There are several types of users in the world of computers. Most of them are simple, non-technical users; they are the kind of people who learned to use a computer without any formal training or they took some application courses (falsely called "computer courses"), so their understanding of a computer is simply too basic. These are naive users who tend to perceive the system as a magic box--sometimes the contemporary equivalent of Pandora's Box and, because of that, their learning is often thwarted by fear or anxiety ("I clicked here and the computer showed me a message box, so I panicked and turned if off").
Some other people belong to the opposite category: the power users. Their computer expertise makes them gurus and, therefore, the systems hold no secrets for them. My impression of these kind of people is that they speak binary code and can diagnose a computer problem rather effectively because they have more than one idea of what might have gone wrong.
There is a third group that frequently overlaps the two categories above. These people have developed skills to use several programs in a level that most computer users cannot, yet they lack the technical knowledge of power users. As a result of their expertise, they become sort of picky with their applications and the way in which their computer behaves. I call them gourmet users. This post here by Gene (ERACC) describes very well the difference between a power user and a gourmet user, whom he calls "niche user".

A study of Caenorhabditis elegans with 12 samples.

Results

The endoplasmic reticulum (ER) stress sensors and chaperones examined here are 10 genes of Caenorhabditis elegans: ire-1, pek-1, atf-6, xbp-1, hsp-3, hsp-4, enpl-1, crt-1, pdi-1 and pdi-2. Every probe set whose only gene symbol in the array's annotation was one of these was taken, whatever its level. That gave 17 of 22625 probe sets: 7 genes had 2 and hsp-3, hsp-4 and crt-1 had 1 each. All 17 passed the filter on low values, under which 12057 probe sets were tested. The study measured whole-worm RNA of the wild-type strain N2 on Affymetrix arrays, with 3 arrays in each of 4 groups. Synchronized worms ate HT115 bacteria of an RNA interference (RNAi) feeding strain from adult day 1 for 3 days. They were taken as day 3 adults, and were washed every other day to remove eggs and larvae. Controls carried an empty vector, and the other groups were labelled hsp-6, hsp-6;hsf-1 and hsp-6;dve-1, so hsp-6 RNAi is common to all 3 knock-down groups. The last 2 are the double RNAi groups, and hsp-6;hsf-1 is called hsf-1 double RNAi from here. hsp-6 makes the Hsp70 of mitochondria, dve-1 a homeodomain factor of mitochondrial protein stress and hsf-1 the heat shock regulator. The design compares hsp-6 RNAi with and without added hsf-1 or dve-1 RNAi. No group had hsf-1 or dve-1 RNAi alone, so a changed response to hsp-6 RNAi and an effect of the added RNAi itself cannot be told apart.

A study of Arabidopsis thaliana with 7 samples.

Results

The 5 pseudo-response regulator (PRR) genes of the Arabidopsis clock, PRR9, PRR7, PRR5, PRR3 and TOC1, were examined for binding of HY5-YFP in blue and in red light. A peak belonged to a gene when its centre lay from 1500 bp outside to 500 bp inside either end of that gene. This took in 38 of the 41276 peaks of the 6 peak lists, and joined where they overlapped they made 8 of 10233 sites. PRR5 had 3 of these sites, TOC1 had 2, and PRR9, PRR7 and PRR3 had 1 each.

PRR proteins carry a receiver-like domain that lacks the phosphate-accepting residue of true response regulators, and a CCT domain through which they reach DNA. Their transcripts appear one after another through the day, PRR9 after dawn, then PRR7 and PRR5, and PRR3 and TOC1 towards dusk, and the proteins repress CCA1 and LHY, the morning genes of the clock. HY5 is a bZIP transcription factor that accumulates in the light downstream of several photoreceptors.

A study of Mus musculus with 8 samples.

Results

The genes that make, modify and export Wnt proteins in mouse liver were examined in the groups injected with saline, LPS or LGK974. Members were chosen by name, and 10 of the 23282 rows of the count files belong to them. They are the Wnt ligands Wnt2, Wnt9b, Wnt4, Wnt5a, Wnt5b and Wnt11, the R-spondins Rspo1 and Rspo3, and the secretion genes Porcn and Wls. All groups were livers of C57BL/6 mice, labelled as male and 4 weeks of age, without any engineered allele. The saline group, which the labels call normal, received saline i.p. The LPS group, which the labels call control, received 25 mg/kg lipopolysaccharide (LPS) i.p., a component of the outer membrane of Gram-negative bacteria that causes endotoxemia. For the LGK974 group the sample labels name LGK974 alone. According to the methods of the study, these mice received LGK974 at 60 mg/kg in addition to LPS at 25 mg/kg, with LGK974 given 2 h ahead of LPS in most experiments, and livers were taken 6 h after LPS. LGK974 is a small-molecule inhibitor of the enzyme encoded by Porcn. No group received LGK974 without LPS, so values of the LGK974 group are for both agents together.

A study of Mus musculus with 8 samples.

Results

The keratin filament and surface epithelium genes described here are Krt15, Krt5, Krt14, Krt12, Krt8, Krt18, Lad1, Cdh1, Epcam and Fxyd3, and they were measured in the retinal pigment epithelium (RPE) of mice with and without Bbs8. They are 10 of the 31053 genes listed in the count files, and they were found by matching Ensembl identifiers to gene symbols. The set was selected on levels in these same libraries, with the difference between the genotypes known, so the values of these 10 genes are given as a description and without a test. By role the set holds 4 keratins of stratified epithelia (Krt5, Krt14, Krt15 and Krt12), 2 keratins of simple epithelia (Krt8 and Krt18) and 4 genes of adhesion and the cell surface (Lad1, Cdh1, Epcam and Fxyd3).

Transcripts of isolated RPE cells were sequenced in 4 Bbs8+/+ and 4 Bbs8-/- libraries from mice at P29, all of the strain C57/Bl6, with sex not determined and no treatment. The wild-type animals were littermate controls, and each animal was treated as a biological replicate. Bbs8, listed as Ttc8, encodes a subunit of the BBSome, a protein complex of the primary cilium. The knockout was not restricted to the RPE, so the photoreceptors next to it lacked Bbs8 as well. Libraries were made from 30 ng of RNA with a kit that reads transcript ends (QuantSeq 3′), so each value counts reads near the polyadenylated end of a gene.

When the option to switch to Linux is presented, the nay-sayers of each group generally round up their reasons to something like this:
1. Simple users: (Without even trying it) "It's too difficult! It took me a lot of effort to learn to work with the computer and now I have to start it all over again?"
2. Gourmet users: "But if you cannot run ______________ (insert name of their favorite application), this is not good".
3. Power users: "Mmm. The thing is that I prefer to work with _______"(insert name of MS programming tool).
The basic issue underlying those claims is recalcitrance. Yes, those individuals are not willing to lean to work in a different way. Regardless of the arguments, unwillingness to learn is normally the bottom line, which is sad, because very rarely is it that learning something new hurts you.
I guess I fall in the gourmet user category. I decided not to jump into the MS Office 2007 wagon because I could use the previous version quite efficiently. Well, since the version I bought did not include PowerPoint, I had to learn how to use electronic presentation software in StarOffice. Additionally, I didn't like the Ribbon interface...and they killed "Linxs". To modify pictures, I used Satori (never liked Photoshop), not MS Paint. And I didn't use MS Movie Maker to produce videos, but VirtualDub. I required my OS to be able to handle Japanese input. Finally, I also wanted my OS to handle text-to-speech synthesis, to fire all sorts of alarms (music, alerts, actions) and to keep me protected from malware. I managed to learn how to do all that in Windows (with the obvious exception of the latter, which is virtually impossible). To do everything I required, the computer depended on many, many third-party programs to add functionality to the MS OS.
I never shy away from learning. That's the reason why migrating to Linux was not so difficult for me...not to mention that I found a friendlier environment in which all tasks I require from the OS can be performed more easily than in the MS operating system.